Why are America’s farmers killing themselves?

The suicide rate for farmers is more than double that of veterans.

A study by the Centers for Disease Control and Prevention (CDC) suggested that male farmers in 17 states took their lives at a rate two times higher than the general population in 2012 and 1.5 times higher in 2015. This, however, could be an underestimate, as the data collected skipped several major agricultural states, including Iowa. Rosmann and other experts add that the farmer suicide rate might be higher, because an unknown number of farmers disguise their suicides as farm accidents.

The US farmer suicide crisis echoes a much larger farmer suicide crisis happening globally: an Australian farmer dies by suicide every four days; in the UK, one farmer a week takes his or her own life; in France, one farmer dies by suicide every two days; in India, more than 270,000 farmers have died by suicide since 1995.

Death on the Farm

People started talking about farmer suicide during the 1980s farm crisis. By the 1960s, technical innovations had made farming easier, and farmers were expanding operations by taking out loans. But the 1980s brought two droughts, a national economy in trouble and a government ban on grain exports to the Soviet Union. Farmers started defaulting on their loans, and by 1985, 250 farms closed every hour. That economic undertow sucked down farms and the people who put their lives into them. Male farmers became four times more likely to kill themselves than male non-farmers, reports showed. “In the West, the guys were jumping off silos,” says Leonard Freeborn, a horse farmer and agricultural consultant.

Since that crisis, the suicide rate for male farmers has remained high: just under two times that of the general population. And this isn’t just a problem in the U.S.; it’s an international crisis. India has had more than 270,000 farmer suicides since 1995. In France, a farmer dies by suicide every two days. In China, farmers are killing themselves to protest the government’s seizing of their land for urbanization. In Ireland, the number of suicides jumped following an unusually wet winter in 2012 that resulted in trouble growing hay for animal feed. In the U.K., the farmer suicide rate went up by 10 times during the outbreak of foot-and-mouth disease in 2001, when the government required farmers to slaughter their animals. And in Australia, the rate is at an all-time high following two years of drought.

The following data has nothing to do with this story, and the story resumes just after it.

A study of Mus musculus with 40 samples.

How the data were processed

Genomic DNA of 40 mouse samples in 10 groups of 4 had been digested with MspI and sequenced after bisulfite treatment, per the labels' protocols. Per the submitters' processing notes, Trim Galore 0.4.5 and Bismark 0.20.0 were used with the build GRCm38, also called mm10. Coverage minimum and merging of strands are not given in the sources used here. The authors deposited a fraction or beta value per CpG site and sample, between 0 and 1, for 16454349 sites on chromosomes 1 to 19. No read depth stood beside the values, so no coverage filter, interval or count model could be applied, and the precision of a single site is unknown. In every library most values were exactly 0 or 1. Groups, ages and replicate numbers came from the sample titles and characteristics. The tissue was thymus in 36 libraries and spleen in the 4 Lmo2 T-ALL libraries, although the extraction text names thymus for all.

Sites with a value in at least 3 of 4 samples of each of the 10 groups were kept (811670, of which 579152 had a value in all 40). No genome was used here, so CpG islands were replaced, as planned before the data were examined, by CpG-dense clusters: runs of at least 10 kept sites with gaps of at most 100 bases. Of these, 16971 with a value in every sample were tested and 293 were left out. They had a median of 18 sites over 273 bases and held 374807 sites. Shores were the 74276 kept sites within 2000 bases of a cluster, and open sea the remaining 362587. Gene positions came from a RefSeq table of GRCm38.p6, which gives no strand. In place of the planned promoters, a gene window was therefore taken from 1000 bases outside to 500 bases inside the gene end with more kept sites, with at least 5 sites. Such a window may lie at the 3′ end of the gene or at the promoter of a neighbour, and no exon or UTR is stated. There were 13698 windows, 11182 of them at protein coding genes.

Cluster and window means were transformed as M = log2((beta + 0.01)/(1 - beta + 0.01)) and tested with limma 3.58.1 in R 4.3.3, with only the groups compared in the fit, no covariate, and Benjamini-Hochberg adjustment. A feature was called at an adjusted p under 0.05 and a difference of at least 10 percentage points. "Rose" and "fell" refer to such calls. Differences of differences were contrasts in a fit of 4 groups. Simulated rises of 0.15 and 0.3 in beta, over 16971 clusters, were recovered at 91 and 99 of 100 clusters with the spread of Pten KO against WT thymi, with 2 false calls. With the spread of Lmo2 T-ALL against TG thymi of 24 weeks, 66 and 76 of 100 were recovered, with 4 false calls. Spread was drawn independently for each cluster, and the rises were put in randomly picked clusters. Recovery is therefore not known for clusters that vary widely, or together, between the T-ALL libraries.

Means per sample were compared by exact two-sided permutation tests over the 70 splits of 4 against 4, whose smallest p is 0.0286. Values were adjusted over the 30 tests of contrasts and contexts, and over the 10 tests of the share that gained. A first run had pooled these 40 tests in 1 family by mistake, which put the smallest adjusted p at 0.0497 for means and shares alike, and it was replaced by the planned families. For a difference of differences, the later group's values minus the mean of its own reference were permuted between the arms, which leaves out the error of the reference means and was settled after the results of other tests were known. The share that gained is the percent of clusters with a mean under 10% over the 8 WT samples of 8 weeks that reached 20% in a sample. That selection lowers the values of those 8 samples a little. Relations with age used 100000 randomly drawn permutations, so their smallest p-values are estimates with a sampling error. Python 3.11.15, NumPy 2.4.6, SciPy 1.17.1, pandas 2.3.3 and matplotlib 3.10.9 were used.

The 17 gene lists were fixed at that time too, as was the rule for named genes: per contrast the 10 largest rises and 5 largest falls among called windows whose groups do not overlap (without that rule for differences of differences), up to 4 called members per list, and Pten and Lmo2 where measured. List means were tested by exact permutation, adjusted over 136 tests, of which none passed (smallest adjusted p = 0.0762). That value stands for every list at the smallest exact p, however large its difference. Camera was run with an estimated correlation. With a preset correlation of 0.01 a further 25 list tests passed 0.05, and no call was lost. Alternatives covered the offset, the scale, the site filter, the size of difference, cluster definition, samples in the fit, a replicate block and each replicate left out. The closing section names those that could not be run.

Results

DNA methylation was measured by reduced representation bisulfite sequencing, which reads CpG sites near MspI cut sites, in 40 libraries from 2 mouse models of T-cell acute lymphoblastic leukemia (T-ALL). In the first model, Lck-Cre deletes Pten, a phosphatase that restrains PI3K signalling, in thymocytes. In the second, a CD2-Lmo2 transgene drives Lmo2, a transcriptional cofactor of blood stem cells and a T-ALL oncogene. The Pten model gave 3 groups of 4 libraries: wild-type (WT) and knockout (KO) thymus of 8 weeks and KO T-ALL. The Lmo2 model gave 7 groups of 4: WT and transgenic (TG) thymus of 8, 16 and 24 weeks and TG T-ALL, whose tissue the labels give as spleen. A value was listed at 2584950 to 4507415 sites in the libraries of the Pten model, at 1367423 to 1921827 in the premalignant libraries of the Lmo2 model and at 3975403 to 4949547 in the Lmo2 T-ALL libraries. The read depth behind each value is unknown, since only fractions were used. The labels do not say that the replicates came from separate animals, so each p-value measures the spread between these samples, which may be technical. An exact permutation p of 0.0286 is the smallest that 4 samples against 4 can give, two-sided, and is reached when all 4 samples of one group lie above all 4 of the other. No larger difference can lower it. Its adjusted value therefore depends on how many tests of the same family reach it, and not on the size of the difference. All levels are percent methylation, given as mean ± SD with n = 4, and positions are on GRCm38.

Midwest farmers face a crisis. Hundreds are dying by suicide.

U.S. farmers are saddled with near-record debt, declaring bankruptcy at rising rates and selling off their farms amid an uncertain future clouded by climate change and whipsawed by tariffs and bailouts.

Isolated, and with limited access to mental-health care, hundreds are dying by suicide.

Farmers are among the most likely to die by suicide, compared with other occupations, according to a January study by the Centers for Disease Control and Prevention. The study also found that suicide rates overall had increased by 40% in less than two decades.

The problem has plagued agricultural communities across the nation, but perhaps nowhere more so than the Midwest, where extreme weather and falling prices have bludgeoned dairy and crop producers in recent years.

More than 450 farmers killed themselves across nine Midwestern states from 2014 to 2018, according to data collected by the USA TODAY Network and the Midwest Center for Investigative Reporting. The real total is likely to be higher because not every state provided suicide data for every year and some redacted portions of the data.

The deaths coincide with the near-doubling of calls to a crisis hotline operated by Farm Aid, a nonprofit agency whose mission is to help farmers keep their land. More than a thousand people dialed the number in 2018 alone, said spokeswoman Jennifer Fahy.

Farmer suicide: the topic few will discuss

“Research by four Cal Poly San Luis Obispo agriculture communication students found that suicide rates in agriculture are five times higher than the national averageand shockingly, even double the rate for military veterans. Among the reasons: net farm income worries (the leading cause), social isolation among farmers, pesticide-induced issues, and the ever-present stigma related to mental health issues in this country.

Other findings from the students’ report suggest:

  • Suicide rates in agriculture are higher than for any other occupation: 84.5 per 100,000 people, according to the Centers for Disease Control.
  • Studies suggest suicide rates may be higher as some deaths are reported as accidents rather than suicides.
  • Not all farm states are included in CDC farm suicide statics (California, Iowa, Illinois, and Nebraska are excluded), further skewing the numbers.
  • Suicide rates appear to be higher in the Midwest than in California because of the diversified nature of agriculture in California and the greater likelihood of financial profitability among crops grown in the Golden State.
  • Access to mental health services remain limited to farmers because of the rural nature of their occupations.
  • Suicide rates are about 50 percent higher today than they were during the farm crisis of the 1980s.

In the 2008 legislation, the Farm and Ranch Stress Assistance Network program would have created a national crisis hotline for farmers, as well as state and regional counseling services. It was modeled after “Sowing Seeds of Hope,” a program that successfully reduced farmer suicide rates in seven Midwestern states until 2014. The federal program in the 2008 legislation would have cost $18 million annually, and was never funded.

“Critics argue that the emotional and economic toll of farmers taking their own lives is greater than the $18 million it would have cost to fund the program,” the students noted in their research paper.